Article from the 1911 Encyclopedia

By

King Edward III of England

Portrait of Edward from Cassell's History of England, 1902

Public Domain

EDWARD III. (1312-1377), "of Windsor," king of England, eldest son of Edward II. and Isabella of France, was born at Windsor on the 13th of November 1312. In 1320 he was made earl of Chester, and in 1325 duke of Aquitaine, but he never received the title of prince of Wales. Immediately after his appointment to Aquitaine, he was sent to France to do homage to his uncle Charles IV., and remained abroad until he accompanied his mother and Mortimer in their expedition to England. To raise funds for this he was betrothed to Philippa, daughter of the count of Hainaut. On the 26th of October 1326, after the fall of Bristol, he was proclaimed warden of the kingdom .during his father's absence. On the 13th of January 1327 parliament recognized him as king, and he was crowned on the 29th of the same month.

For the next four years Isabella and Mortimer governed in his name, though nominally his guardian was Henry, earl of Lancaster. In the summer he took part in an abortive campaign against the Scots, and was married to Philippa at York on the 24th of January 1328. On the 15th of June 1330 his eldest child, Edward, the Black Prince, was born. Soon after, Edward made a successful effort to throw off his degrading dependence on his mother and her paramour. In October 1330 he entered Nottingham Castle by night, through a subterranean passage, and took Mortimer prisoner. On the 29th of November the execution of the favourite at Tyburn completed the young king's emancipation. Edward discreetly drew a veil over his mother's relations with Mortimer, and treated her with every respect. There is no truth in the stories that henceforth he kept her in honourable confinement, but her political influence was at an end.

Edward III.'s real reign now begins. Young, ardent and active, he strove with all his might to win back for England something of the position which it had acquired under Edward I. He bitterly resented the concession of independence to Scotland by the treaty of Northampton of 1328, and the death of Robert Bruce in 1329 gave him a chance of retrieving his position. The new king of Scots, David, who was his brother-in-law, was a mere boy, and the Scottish barons, exiled for their support of Robert Bruce, took advantage of the weakness of his rule to invade Scotland in 1332. At their head was Edward Baliol, whose victory at Dupplin Moor established him for a brief time as king of Scots. After four months Baliol was driven out by the Scots, whereupon Edward for the first time openly took up his cause. In 1333 the king won in person the battle of Halidon Hill over the Scots, but his victory did not restore Baliol to power. The Scots despised him as a puppet of the English king, and after a few years David was finally established in Scotland. During these years England gradually drifted into hostility with France. The chief cause of this was the impossible situation which resulted from Edward's position as duke of Gascony. Contributing causes were Philip's support of the Scots and Edward's alliance with the Flemish cities, which were then on bad terms with their French overlord, and the revival of Edward's claim, first made in 1328, to the French crown. War broke out in 1337, and in 1338 Edward visited Coblenz, where he made an alliance with the emperor Louis the Bavarian. In 1339 and 1340 Edward endeavoured to invade France from the north with the help of his German and Flemish allies, but the only result of his campaigns was to reduce him to bankruptcy.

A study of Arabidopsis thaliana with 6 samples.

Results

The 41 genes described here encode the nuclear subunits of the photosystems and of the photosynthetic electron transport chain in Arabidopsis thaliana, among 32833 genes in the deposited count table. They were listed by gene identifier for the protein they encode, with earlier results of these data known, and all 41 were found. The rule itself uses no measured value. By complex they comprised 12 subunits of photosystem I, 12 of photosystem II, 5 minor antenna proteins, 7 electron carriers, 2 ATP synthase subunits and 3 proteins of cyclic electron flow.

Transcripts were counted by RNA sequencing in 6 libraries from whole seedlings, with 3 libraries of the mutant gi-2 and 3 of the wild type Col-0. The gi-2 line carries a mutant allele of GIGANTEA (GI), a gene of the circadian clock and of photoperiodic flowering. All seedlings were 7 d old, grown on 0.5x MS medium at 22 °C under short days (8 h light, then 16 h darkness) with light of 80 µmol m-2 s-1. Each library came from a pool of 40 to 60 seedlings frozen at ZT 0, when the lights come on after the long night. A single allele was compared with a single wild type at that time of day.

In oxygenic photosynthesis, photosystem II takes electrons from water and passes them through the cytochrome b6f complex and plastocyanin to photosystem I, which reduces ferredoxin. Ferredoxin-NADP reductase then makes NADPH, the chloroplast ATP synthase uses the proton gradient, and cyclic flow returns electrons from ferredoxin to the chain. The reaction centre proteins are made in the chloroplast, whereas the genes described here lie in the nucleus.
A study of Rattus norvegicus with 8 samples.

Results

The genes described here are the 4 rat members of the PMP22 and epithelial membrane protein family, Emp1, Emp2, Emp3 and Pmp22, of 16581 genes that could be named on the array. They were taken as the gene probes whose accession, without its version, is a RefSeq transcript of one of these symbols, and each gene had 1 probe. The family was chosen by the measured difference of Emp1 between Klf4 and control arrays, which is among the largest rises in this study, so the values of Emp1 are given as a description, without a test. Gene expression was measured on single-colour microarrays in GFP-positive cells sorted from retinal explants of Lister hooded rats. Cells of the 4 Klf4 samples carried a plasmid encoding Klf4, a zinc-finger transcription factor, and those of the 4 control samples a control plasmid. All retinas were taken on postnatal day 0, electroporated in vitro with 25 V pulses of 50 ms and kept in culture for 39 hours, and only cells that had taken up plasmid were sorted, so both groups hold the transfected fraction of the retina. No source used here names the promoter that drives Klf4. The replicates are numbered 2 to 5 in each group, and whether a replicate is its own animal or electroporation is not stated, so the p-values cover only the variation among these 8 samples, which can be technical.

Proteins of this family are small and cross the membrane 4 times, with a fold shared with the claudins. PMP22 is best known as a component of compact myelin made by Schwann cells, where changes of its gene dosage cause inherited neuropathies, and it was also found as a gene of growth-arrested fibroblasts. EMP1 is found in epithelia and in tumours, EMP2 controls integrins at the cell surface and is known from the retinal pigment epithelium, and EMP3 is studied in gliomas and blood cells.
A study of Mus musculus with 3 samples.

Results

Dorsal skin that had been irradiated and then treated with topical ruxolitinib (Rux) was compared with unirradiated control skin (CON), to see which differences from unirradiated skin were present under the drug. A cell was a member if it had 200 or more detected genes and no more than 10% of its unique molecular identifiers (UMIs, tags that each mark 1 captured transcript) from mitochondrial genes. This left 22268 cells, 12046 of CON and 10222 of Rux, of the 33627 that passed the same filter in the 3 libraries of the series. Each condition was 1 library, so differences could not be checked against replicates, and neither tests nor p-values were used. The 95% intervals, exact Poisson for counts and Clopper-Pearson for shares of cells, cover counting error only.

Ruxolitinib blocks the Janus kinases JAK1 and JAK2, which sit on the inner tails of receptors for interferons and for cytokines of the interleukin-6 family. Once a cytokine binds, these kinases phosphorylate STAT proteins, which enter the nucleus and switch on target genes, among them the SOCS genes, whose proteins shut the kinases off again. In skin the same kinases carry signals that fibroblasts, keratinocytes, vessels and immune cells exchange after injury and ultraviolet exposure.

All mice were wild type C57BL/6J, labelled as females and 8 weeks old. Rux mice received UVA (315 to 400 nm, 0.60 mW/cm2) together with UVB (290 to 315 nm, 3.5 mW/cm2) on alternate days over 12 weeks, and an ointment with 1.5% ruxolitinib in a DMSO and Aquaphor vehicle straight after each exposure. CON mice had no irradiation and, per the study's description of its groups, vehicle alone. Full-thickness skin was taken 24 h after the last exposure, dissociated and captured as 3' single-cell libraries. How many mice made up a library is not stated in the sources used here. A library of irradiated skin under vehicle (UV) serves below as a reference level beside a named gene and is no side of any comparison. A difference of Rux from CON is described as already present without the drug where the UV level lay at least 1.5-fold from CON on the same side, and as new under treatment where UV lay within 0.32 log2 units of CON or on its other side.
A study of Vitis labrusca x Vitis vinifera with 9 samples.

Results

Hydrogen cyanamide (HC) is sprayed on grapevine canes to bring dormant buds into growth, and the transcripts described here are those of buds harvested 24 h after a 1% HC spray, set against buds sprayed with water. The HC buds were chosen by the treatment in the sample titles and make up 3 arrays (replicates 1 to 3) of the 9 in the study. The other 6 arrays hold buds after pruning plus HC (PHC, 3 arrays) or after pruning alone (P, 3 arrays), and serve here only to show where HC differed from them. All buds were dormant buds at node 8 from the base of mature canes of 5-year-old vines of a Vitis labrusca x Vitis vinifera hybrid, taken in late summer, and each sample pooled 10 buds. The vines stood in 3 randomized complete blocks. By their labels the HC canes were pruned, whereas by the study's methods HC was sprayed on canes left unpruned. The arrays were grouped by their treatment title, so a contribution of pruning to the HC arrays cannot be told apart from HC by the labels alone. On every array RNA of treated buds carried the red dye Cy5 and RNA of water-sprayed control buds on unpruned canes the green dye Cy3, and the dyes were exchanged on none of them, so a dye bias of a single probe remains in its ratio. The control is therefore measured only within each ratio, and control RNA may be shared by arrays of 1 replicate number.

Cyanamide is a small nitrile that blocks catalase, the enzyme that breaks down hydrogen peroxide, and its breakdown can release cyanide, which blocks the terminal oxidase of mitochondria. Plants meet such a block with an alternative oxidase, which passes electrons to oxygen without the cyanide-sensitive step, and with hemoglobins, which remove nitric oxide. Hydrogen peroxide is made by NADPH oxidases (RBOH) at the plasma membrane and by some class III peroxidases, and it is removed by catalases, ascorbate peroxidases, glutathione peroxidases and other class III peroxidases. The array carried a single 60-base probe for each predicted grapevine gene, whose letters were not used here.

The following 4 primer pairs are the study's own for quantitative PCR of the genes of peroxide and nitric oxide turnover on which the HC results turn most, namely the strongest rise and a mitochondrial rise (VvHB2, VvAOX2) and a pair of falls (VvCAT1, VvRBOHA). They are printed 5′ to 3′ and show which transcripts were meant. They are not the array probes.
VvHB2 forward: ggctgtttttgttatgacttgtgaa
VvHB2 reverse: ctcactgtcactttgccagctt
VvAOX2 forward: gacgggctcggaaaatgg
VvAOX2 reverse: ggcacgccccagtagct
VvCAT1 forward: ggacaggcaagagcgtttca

In 1340, however, he took personal part in the great naval battle off Sluys, in which he absolutely destroyed the French navy. In the same year he assumed the title of king of France. At first he did this to gratify the Flemings, whose scruples in fighting their overlord, the French king, disappeared when they persuaded themselves that Edward was the rightful king of France. However, his pretensions to the French crown gradually became more important. The persistence with which he and his successors urged them made stable peace impossible for more than a century, and this made the struggle famous in history as the Hundred Years' War. Till the days of George III. every English king also called himself king of France.

Despite his victory at Sluys, Edward was so exhausted by his land campaign that he was forced before the end of 1340 to make a truce and return to England. He unfairly blamed his chief minister, Archbishop Stratford, for his financial distress, and immediately on his return vindictively attacked him. Before the truce expired a disputed succession to the duchy of Brittany gave Edward an excuse for renewing hostilities with France. In 1342 he went to Brittany and fought an indecisive campaign against the French. He was back in England in 1343. In the following years he spent much time and money in rebuilding Windsor Castle, and instituting the order of the Garter, which he did in order to fulfil a vow that he had taken to restore the Round Table of Arthur. His finances, therefore, remained embarrassed despite the comparative pause in the war, although in 1339 he had repudiated his debt to his Italian creditors, a default that brought about widespread misery in Florence.